Tuesday, 23 July 2019 19:15

How to Avoid Miscommuncation in the Workplace

Communicating clearly is a big challenge for all of us these days, but when miscommunication occurs in the workplace, the damage can sometimes be measured in dollars and cents. It can happen when employees don’t understand what’s expected of them, or when an executive’s description of a new initiative doesn’t inspire his or her intended audience. Worse, it can translate into operational confusion that in turn leads to problems with a company’s target audience.

Fortunately, business leaders wary of such problems can take action to keep lines of communication clear and open most of the time. Here at Baillie Lumber, we strive to connect with each other in ways that minimize potential misunderstanding or misdirection. We try to identify situations where a mix-up has occurred due to insufficient communication and learn to do better in the future.  DSC5163

In case your workplace has seen episodes of (costly) miscommunication, these tips might be helpful to keep in mind: 

Recognize episodes of miscommunication and acknowledge your part. As a business leader, it’s your responsibility to acknowledge when people have failed to understand your words and negative results have occurred. Of course, there may be an issue on the “receiving end” (that is, the person or persons you were addressing), but as CRM Learning notes, assuming responsibility “for your role in the problem will help the other person feel less defensive, and will pave the way for them to ‘own’ their part of the problem as well.” 

Be available to facilitate better communication. We hear a lot these days about leaders having an “open door” policy with their employees. While it’s not always practical, the general idea behind the policy is sound. Your team depends on you to share news about the company, industry trends that might affect, and new, innovative customer-centric initiatives.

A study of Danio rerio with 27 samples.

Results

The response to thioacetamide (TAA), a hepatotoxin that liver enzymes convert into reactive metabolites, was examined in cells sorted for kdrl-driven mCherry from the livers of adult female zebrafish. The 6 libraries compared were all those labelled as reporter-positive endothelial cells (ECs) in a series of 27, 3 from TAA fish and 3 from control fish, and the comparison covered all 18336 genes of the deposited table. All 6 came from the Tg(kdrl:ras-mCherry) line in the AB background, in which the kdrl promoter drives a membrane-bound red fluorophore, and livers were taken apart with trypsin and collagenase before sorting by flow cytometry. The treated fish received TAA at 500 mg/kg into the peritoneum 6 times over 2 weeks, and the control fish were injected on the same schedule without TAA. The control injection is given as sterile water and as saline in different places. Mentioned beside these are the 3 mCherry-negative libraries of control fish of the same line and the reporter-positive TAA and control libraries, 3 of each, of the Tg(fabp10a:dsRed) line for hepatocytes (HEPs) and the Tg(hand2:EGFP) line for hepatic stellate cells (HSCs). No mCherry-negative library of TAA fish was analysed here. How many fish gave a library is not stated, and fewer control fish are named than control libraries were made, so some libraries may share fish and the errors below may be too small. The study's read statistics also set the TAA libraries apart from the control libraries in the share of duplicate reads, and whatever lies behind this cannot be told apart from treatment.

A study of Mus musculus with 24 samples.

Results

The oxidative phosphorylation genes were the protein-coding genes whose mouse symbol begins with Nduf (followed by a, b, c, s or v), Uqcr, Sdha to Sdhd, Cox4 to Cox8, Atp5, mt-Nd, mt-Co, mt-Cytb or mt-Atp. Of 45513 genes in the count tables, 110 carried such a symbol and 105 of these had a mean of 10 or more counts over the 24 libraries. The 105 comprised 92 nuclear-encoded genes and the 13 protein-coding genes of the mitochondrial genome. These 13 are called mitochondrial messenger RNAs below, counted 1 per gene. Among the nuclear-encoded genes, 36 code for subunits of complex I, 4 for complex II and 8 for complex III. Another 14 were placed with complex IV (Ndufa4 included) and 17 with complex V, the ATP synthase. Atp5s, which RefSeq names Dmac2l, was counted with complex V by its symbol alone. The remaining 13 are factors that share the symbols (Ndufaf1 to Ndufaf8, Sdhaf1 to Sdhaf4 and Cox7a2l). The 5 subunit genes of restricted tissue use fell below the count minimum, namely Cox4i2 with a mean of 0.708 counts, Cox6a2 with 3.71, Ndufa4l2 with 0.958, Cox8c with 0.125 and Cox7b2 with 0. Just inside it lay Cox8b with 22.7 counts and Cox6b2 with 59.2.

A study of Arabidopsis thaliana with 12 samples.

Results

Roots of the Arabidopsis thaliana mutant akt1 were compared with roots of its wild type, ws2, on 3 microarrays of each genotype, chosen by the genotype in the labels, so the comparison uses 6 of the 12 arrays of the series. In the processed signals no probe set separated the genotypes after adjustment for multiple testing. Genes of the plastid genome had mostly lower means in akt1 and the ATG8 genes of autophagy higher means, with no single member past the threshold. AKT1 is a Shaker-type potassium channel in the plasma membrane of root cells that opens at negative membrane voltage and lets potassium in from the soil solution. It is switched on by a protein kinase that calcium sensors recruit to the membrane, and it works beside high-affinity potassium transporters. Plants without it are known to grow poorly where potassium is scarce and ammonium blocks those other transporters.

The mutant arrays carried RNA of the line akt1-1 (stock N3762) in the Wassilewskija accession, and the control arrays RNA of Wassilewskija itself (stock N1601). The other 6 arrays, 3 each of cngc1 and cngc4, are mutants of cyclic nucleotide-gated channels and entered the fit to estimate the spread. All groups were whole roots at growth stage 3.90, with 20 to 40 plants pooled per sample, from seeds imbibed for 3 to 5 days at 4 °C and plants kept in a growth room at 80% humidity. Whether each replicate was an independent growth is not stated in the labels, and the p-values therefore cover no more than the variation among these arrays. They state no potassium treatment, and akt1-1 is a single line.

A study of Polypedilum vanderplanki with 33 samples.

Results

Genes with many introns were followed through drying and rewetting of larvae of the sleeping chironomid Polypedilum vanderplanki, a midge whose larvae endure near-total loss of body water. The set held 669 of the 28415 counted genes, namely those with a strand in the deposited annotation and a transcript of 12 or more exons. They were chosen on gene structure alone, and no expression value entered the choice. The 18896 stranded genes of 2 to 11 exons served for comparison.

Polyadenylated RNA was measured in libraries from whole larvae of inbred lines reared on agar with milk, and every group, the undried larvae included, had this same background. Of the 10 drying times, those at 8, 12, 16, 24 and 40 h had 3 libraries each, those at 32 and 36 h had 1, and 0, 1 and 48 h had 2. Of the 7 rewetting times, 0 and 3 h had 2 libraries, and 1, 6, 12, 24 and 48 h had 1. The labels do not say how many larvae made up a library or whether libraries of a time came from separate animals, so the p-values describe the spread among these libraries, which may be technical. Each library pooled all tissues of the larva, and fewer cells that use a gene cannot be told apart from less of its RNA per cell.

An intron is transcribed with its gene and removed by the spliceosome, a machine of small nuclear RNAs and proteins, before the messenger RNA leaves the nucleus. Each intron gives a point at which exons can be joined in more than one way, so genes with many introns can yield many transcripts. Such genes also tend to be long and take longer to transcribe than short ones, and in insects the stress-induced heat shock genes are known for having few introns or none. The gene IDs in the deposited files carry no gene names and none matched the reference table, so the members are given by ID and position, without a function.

Consider having set hours during which employees can schedule to meet with you. Invite them to come to you with ideas and suggestions revolving around customer service, product improvements, and so on. You might be pleasantly surprised by what they have to say.  

Become a better listener. We’ve written before about how better listening can lead to stronger customer relationships. The same principle holds true for others with whom you interact (customers, investors, vendors, other stakeholders). To improve your listening skills and truly hear what’s being said to you, try the following: 

-  Ask clarifying questions.
- Refrain from interrupting.
- Think less about what you plan to say next.
- Eliminate distractions (like checking your mobile device while someone’s talking). 

All of these simple practices can significantly reduce occurrences of miscommunication in your workplace. 

Understand preferred modes of communications. Each of us has our own way of talking and getting our points across. Problems arise when styles of communication clash and fail to settle on common ground.  

To address this issue, learn more about how people with whom you most frequently interact prefer to communicate. Some like getting detailed messages, others just want to know what action you want them to take. Some people like to communicate face-to-face, while others benefit more from written messages. Adjusting to meet their needs greatly increases the odds your message will be heard and understood. 

At the end of a conversation, summarize what you’ve heard. It’s not uncommon for two or more people to end a discussion and each come away with a different understanding of what’s been said. This can be avoided if you or another participant takes a moment to summarize the topic and specific action points discussed. 

Try summarizing a conversation before it ends. Express what you heard as the key points and confirm that’s what the other person intended to get across. If there’s been any confusion, this is the best time to nip it in the bud. 

Effective communications can be challenging, but with the right attention and focus, you can ensure that everyone in the workplace is on the same page and moving forward together. 

What methods have you found effective in avoiding miscommunications within your team? We would love to hear them.

Brett Del Prince
Baillie Lumber
This email address is being protected from spambots. You need JavaScript enabled to view it.